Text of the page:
Even before she became a registered psychologist, Lumsden’s Kali Eddy always felt something calming about living in the middle of nowhere, surrounded by animals.
Later on in her practice, she found her patients noticed it as well, like one particular bison rancher.
“He would just sit out in the middle of the field and chill and be at peace and be surrounded by animals when he was feeling really stressed,” Eddy said.
“There’s a reason that people love to be around animals. They bring a sense of peace.”
Eddy, who had an exhibit at this year’s Agribition, is certified in a technique called animal-assisted therapy.
She said it’s not a stand-alone therapy — more like a way to enhance methods like talk therapy and cognitive behaviour therapy.
“Sometimes the idea of coming to therapy is a little bit intimidating. So it helps take that stress away, provides some comfort for the client and brings a sense of calm,” Eddy said.
For children, she said it helps build a rapport.
“Building that trust with the client so they feel they can open up to you is key to developing any kind of change so the animals really help with that,” she said.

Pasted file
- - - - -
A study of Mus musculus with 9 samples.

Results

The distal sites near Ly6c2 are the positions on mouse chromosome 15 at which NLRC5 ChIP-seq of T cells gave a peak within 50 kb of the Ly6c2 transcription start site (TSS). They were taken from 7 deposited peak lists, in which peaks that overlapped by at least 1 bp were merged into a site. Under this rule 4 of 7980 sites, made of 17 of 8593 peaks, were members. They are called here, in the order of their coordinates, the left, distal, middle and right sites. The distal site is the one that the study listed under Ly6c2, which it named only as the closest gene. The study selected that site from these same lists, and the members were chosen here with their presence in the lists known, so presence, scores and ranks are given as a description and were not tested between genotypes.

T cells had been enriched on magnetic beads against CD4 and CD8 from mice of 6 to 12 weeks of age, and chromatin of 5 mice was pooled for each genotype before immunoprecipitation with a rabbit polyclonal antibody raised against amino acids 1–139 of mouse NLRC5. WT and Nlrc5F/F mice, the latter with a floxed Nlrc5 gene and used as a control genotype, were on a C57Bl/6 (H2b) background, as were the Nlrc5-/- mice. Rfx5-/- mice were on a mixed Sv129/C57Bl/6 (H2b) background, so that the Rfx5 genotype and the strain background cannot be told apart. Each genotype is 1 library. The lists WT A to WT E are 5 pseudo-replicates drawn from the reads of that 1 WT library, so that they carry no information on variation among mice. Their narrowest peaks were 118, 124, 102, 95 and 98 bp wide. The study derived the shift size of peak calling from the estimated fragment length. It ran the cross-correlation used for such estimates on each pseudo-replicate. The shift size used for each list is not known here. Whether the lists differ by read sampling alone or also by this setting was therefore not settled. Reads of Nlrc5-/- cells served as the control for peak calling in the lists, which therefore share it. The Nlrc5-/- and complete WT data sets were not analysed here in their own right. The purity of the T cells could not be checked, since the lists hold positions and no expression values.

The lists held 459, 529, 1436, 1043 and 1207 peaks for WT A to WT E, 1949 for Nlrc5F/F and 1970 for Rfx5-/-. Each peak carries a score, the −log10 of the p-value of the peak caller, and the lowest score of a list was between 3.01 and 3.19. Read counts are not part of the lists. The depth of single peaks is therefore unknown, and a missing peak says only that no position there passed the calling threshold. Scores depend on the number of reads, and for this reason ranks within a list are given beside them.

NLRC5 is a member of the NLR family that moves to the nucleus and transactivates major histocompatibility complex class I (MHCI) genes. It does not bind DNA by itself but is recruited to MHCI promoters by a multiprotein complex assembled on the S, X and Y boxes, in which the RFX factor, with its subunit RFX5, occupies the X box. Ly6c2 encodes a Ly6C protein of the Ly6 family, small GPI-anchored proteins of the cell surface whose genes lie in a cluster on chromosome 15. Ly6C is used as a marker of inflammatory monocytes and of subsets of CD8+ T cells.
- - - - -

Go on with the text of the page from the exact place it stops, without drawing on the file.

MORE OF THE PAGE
Mental health training for 4-H volunteers
Starting next spring, 4-H Canada will be training its nearly 8,000 volunteer leaders how to recognize youth who need mental health support and how to direct them to needed services.
It’s part of a two-year program made possible by a $150,000 contribution from Farm Credit Canada and three corporate partners: UFA, Corteva Agriscience and Cargill.
FCC president and CEO Michael Hoffort said they noticed a gap in mental health services for rural youth and decided 4-H would be the best organization to help them fill it.
“Being able to work with somebody like 4-H that touches that rural base of youth from coast to coast, we just thought it was a nice fit,” Hoffort said.